I have an amazing new pair of eyeglasses this year! When I put them on for the first time, I couldn’t believe what I was able to see. With the new lenses, I can now see objects from really far away with much more clarity without having to squint or speculate. These new eyeglasses, which were made and given to me by a friend who happens to be an ophthalmologist, allow me to see things in a fresh new way that I wasn’t able to see before with my old lenses. One of the major themes gleaned from this Sunday’s Scripture readings is that of the invitation to see through a new prism and experience God’s abundance afresh.
The first reading comes from the so-called Third Isaiah and is essentially an oracle of salvation. It consists of a prophetic promise of deliverance developed through the use of marriage imagery. In the earlier part of the book, Isaiah spoke about the nearly unredeemable relationship between the people and their God. Both were at odds and looked to be at the point of no return. But in today’s reading, it seems that all is forgiven. The metaphor of marriage between God and the land/people signals a new kind of union and a new kind of covenantal relationship based on trust and fidelity. The passage ends in a euphoric tone, exuberant about the changing fortunes of the people and the land that they inhabit. The people, who were once “forsaken” or abandoned by one’s spouse, are now the delight of the Lord; the land that was once “desolate” or barren is newly espoused. Isaiah depicts God and the land/people are married — what a powerful metaphor!
Just as God was unable to keep silent in the face of the people’s misfortunes, the mother of Jesus likewise did not remain quiet when she saw that the wine at the wedding feast had run out. Mary’s timely and prophetic intervention led Jesus to perform the first “sign” in the Gospel of John turning water into wine at Cana and inaugurate his public ministry and mission. All the signs in John point to Jesus as divine and majestic, and the story of Jesus turning water into wine is no different. As it is often the case, there is much more significant to this story than first meets the eye. Jesus wasn’t being disrespectful to his mother by his seemingly rough response nor was he simply complying with his mother’s request in order to help his hosts to save face by replenishing their shortage of wine. Readers are invited to look deeper and to probe more fully into the highly Christological and soteriological significance of Jesus’ first sign. The abundance of choice wine, about 120 gallons, points to the fulfillment of the biblical promises that the time of messianic age has arrived. While his final hour — when he is lifted up on the cross-has not yet come, this first sign does reveal Jesus’ glory and divinity, and the disciples began to believe in him.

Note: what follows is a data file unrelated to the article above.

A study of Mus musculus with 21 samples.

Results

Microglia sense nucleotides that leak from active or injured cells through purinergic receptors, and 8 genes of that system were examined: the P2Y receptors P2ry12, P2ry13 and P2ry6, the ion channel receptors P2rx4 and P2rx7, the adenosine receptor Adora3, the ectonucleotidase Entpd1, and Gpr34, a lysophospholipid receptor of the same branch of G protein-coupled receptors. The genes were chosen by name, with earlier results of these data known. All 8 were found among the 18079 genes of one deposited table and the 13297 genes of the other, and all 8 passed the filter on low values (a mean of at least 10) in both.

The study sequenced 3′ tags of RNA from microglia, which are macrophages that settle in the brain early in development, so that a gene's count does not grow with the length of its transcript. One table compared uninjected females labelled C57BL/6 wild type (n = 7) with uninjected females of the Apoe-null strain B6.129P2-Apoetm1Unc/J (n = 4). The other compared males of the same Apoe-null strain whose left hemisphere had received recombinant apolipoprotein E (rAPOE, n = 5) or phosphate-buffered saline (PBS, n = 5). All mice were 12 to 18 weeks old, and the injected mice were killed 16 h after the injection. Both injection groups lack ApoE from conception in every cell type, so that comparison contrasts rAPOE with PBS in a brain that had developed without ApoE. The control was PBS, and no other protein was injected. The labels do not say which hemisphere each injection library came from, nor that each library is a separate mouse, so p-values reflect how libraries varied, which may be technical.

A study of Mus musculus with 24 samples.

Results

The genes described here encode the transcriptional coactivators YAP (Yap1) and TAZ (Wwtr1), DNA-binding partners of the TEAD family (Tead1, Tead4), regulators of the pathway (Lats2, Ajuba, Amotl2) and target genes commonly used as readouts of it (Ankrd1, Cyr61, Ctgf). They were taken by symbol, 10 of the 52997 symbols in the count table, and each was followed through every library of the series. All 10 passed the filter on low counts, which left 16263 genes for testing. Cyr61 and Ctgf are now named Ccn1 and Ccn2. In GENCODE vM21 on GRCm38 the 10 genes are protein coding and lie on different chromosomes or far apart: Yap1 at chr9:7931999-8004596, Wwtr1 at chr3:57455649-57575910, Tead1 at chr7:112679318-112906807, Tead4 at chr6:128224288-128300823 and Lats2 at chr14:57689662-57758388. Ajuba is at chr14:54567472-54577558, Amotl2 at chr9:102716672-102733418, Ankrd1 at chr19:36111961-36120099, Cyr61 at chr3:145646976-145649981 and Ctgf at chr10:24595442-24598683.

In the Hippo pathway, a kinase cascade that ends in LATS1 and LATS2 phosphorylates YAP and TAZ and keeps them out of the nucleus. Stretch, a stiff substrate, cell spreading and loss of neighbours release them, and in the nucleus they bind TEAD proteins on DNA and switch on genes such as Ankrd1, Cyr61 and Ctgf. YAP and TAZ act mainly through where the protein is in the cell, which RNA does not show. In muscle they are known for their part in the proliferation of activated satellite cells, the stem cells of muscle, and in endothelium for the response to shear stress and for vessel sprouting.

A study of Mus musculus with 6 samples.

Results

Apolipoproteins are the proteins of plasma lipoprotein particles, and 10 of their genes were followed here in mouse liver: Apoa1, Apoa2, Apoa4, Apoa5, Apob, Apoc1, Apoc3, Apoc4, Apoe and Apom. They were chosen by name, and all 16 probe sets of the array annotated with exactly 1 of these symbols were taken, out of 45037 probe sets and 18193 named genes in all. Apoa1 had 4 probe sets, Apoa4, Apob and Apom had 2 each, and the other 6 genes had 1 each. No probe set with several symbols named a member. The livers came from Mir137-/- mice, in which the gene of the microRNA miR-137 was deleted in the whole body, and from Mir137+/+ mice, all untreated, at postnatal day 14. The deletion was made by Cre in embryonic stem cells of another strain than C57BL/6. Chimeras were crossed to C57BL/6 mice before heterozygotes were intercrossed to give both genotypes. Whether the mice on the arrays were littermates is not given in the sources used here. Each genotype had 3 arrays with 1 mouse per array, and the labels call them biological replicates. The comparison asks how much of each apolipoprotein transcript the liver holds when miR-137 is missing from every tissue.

In Jesus, God has offered us a new way of seeing and experiencing God’s abundance. As we gather at this Sunday’s Eucharist, we are invited to taste the new choice-wine of salvation in super-abundant quantity. May the Word and Sacrament strengthen our resolve to courageously accept the invitation to come out into mission and to proclaim God’s marvelous deeds to all the nations as the Responsorial Psalm invites us to do (Ps 96). Furthermore, may we never remain silent in the face of injustice.